The dangers of selling your own home, he says, include the following:
You carry all the costs of advertising and marketing, whether or not you sell your home.
And not only that, you will have to try to gauge which advertising media might be most effective, and place and monitor your own ads. You will also need to get your own for-sale boards made and put them up and take them down in accordance with your local authority’s signage bylaws. And finally, you will need to organise and run your own individual viewings. A reputable agent on the other hand will be following the strict industry guidelines for viewings, and your risks will be significantly lower as a result.
Lack of exposure.
Most private sellers don’t have the knowledge or resources to expose the property to a big enough pool of potential buyers and create enough awareness. Good estate agents, on the other hand, will have access to existing buyer bases as well as national and international advertising and marketing channels including property portals like MyProperty.
Lack of market knowledge and pricing ability.
If you don’t have access to the latest sales records and statistics, it is very difficult not to over- or under-price your home with regard to the current demand in your area. And buyers are so savvy these days that if your home is overpriced, no-one will make an offer; while if it is priced too low, you will lose out financially and defeat the purpose of selling your own home in the first place.
Here is how to bounce back after overpricing your property
Lack of experience/skill in negotiation.
Most buyers are tough negotiators at the moment, having done their homework and research. The first thing most will tell you, for example, is that if you are selling privately and not paying commission, the saving should go to them and not you. On the other hand, most sellers are not practiced negotiators and will find it difficult if not impossible to achieve the detachment necessary to reach a mutually beneficial agreement.
Legal and liability issues.
Apart from the need to achieve familiarity with sale agreements and all sorts of other legal documents – or to pay an attorney to check them – private sellers also potentially face all sorts of liability issues when they are dealing with a buyer one-on-one. Laws dealing with property sales have become much more numerous and more complicated in recent years, and the new Consumer Protection Act is just one of the minefields that have to be crossed in order to achieve a successful sale.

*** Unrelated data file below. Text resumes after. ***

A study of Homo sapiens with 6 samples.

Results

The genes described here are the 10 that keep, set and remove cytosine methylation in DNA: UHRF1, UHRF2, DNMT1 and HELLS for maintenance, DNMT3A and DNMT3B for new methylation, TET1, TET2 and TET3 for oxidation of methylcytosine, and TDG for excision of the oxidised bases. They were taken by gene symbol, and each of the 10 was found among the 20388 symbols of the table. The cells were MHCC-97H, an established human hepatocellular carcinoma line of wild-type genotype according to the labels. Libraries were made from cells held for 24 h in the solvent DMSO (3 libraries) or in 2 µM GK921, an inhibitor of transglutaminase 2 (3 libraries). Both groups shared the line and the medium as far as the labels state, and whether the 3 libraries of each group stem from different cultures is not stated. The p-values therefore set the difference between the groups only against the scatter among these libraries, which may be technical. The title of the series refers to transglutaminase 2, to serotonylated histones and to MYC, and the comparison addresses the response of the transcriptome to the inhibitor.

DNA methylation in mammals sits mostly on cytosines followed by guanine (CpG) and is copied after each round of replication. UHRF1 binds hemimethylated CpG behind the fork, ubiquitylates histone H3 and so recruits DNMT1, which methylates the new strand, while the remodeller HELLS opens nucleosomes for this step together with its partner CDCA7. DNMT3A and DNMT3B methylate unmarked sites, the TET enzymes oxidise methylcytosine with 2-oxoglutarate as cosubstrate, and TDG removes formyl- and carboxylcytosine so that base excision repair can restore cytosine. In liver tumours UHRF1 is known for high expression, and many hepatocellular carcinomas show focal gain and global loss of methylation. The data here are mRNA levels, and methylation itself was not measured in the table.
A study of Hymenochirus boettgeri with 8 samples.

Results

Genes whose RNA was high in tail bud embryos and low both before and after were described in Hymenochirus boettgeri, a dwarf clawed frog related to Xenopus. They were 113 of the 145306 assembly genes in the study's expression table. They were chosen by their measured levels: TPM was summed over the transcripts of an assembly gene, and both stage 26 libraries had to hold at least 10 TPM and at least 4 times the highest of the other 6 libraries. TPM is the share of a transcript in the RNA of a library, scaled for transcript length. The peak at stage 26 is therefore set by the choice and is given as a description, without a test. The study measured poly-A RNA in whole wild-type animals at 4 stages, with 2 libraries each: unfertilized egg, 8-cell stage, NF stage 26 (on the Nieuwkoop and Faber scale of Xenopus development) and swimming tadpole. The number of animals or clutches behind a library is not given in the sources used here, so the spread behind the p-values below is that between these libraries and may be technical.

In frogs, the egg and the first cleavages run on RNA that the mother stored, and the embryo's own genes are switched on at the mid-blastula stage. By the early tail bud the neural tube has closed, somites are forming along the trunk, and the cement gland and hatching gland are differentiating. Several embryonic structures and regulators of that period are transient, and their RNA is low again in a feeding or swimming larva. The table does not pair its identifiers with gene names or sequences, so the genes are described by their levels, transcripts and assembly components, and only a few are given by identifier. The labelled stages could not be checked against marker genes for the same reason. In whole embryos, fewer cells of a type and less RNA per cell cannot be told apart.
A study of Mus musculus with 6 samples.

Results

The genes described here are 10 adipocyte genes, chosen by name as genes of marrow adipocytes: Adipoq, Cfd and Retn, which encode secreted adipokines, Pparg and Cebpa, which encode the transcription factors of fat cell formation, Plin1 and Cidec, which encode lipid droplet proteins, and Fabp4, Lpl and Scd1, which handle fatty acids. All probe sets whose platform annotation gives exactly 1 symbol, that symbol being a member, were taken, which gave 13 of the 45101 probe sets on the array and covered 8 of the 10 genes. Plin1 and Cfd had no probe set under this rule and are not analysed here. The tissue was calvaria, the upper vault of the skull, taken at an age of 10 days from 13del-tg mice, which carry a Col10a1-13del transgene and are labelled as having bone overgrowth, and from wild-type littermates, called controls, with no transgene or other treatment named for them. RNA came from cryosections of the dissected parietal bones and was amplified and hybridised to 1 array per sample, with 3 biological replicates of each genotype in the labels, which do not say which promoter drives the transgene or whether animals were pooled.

There may be many people wanting to buy but banks have strict prequalification and approval requirements, and real estate professionals know this and oftentimes ask for buyers to provide a prequalification certificate before starting the house hunting - this way they don't waste their time or seller's time with buyers that will not be able to qualify for the required home loan. However, it is very difficult for private sellers to establish the financial capabilities of potential buyers so they don’t waste time with people who won’t qualify for a loan, people who don’t have enough cash for the deposit and transfer fees or worse, people who are trying to ‘scam’ them into giving them the occupation of their homes.
As a private seller, you have no screen between you and potential buyers – or potential crooks who may use the opportunity to get inside your home and either steal things while looking around or “case” the property and security systems for a much bigger crime at a later date.
If your home fails to sell because it is overpriced and/or underexposed, you will just have to keep on paying your bond, rates, and taxes, electricity and water charges, insurance premiums, and security and maintenance costs – and these ‘holding costs’ can quickly mount up to more than the potential saving of not paying an estate agent commission. Take an example of a home that is on the market for the current average SA home price of around R1,1m, for which a good agent would charge a maximum commission of around R77 000 (7% of the price). The holding costs on such a property are likely to total at least R13 500 a month if we conservatively estimate a monthly bond repayment of R8500, rates of R500, utility charges of R2500, HOC and bond insurance of R1000, and security and maintenance costs of R1000. This means that the holding costs would outstrip the commission amount within six months – and that is six months in which you might have lost out on a great deal on a new home, or simply been prevented from being able to move on with your life.